Paul Farhi of The Washington Post reports on a disturbing phenomenon: television journalists coming under attack. “In recent months, local TV news crews have faced verbal and physical abuse while on the job,” he writes. “A few reporters have been injured. Some have been robbed or had their equipment damaged.”
Some of it is no doubt related to the “enemies of the people” rhetoric of former President Donald Trump, who made hatred of the press part of his authoritarian brand. And as Farhi notes, TV reporters are far more conspicuous than those of us who walk around with notebooks and smartphones, making them more likely to be subjected to violence.
It’s not just MAGA. One of our GBH News Muzzle Award winners this year were Black Lives Matter protesters in Burlington, Vermont, who stole copies of the alt-weekly Seven Days and burned some of them. No, that’s not the same as assaulting reporters. But I wouldn’t imagine that was a safe place to be for someone visibly identified as a reporter.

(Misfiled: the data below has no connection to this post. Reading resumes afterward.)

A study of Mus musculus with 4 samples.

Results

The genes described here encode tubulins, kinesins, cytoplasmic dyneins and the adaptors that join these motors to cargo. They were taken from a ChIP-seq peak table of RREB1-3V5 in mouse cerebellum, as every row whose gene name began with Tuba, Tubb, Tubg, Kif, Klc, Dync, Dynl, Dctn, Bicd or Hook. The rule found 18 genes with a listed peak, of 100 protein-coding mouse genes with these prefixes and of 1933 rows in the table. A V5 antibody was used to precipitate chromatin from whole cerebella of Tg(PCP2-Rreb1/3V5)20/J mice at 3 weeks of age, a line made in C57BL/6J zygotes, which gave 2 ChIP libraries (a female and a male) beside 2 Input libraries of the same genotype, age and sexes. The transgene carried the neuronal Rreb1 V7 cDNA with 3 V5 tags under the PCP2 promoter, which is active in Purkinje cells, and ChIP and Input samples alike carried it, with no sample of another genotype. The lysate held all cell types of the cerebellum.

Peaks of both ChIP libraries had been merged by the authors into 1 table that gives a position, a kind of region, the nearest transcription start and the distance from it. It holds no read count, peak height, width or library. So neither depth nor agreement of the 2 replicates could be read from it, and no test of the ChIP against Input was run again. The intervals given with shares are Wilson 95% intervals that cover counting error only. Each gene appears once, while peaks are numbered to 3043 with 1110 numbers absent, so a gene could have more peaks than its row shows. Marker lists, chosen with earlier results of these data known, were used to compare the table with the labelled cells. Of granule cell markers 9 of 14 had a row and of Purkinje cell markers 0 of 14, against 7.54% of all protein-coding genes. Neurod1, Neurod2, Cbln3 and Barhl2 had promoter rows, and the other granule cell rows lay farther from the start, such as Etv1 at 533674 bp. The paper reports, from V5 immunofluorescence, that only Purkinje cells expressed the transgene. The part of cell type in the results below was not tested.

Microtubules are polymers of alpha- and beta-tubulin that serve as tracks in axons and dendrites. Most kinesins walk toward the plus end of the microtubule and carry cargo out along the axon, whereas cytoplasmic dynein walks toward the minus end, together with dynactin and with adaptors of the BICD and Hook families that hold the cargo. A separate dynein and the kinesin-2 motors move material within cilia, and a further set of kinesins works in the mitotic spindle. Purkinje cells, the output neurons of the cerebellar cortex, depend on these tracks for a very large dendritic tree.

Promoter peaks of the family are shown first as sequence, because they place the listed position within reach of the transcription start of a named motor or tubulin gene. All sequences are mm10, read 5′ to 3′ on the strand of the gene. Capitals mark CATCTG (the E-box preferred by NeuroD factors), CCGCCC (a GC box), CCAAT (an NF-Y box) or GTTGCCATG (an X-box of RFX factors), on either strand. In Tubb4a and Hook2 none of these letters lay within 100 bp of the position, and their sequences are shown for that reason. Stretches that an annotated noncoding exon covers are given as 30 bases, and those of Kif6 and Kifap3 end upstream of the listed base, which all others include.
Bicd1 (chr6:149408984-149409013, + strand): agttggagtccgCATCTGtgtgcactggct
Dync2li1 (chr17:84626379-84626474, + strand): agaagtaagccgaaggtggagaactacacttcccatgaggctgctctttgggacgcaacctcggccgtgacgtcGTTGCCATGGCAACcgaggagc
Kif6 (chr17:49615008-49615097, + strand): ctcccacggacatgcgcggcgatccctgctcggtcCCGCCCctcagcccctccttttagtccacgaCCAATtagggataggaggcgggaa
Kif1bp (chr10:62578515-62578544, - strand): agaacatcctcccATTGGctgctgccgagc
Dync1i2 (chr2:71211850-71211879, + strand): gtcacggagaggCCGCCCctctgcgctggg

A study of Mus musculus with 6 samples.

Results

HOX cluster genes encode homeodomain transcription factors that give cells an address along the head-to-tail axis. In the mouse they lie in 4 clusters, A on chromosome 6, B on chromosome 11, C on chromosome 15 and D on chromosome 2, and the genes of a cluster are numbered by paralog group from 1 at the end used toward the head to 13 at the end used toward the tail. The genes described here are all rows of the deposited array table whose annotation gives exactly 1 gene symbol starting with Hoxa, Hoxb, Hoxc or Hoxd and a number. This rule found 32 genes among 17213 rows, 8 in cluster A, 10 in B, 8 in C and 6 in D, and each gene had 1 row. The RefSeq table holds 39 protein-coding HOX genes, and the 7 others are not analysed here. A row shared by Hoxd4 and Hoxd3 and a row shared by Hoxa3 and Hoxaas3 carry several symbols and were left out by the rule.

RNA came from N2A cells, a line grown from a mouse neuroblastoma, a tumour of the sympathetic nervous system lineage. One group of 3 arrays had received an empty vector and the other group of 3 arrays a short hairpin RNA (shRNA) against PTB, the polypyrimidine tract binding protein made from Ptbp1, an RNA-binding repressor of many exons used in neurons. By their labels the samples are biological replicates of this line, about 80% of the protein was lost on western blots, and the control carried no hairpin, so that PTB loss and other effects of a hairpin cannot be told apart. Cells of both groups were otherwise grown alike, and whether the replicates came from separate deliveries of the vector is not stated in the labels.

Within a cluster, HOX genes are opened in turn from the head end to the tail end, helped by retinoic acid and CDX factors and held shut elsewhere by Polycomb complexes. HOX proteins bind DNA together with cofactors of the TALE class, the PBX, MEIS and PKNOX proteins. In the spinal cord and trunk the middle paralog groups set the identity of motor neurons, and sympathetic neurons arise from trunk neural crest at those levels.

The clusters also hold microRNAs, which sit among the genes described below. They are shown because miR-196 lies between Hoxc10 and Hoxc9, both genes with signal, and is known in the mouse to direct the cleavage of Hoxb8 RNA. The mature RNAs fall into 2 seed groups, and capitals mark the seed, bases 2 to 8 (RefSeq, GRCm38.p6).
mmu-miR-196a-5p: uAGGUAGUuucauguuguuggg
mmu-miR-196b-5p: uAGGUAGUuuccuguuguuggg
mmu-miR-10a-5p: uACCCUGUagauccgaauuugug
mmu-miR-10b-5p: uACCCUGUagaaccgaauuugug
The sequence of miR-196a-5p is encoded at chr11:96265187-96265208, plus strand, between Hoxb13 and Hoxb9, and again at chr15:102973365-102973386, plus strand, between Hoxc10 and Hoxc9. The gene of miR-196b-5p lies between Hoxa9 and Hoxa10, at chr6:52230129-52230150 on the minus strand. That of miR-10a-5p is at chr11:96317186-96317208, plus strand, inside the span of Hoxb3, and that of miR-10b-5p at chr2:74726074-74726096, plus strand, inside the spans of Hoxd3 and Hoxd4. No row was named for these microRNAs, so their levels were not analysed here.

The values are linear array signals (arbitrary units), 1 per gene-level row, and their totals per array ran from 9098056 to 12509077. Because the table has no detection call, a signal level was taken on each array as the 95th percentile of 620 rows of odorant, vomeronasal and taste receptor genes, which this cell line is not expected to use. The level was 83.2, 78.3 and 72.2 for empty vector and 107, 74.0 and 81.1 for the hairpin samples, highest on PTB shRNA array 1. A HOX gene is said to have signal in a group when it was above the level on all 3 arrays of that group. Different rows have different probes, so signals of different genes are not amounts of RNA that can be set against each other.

And let’s not forget it was just three years ago that a gunman killed five employees at the Capital Gazette in Annapolis, Maryland. On Thursday a jury found that the shooter, Jarrod Ramos, was criminally responsible, rejecting his insanity defense.
Journalism is still safer than working as a lumberjack. Neither, though, is it entirely hazard-free. It’s something we’ve begun to talk about with our students. I don’t know what the answer is. Bearing witness is a vital part of what we do. If we have to start barricading ourselves in secure newsrooms, a lot of what we do will be lost.
One thought on “Journalism is becoming a dangerous occupation”
Peter de Vries, eminent crime reporter in the Netherlands, died yesterday after being shot in the head about a week ago. Posted by Reporters Without Borders.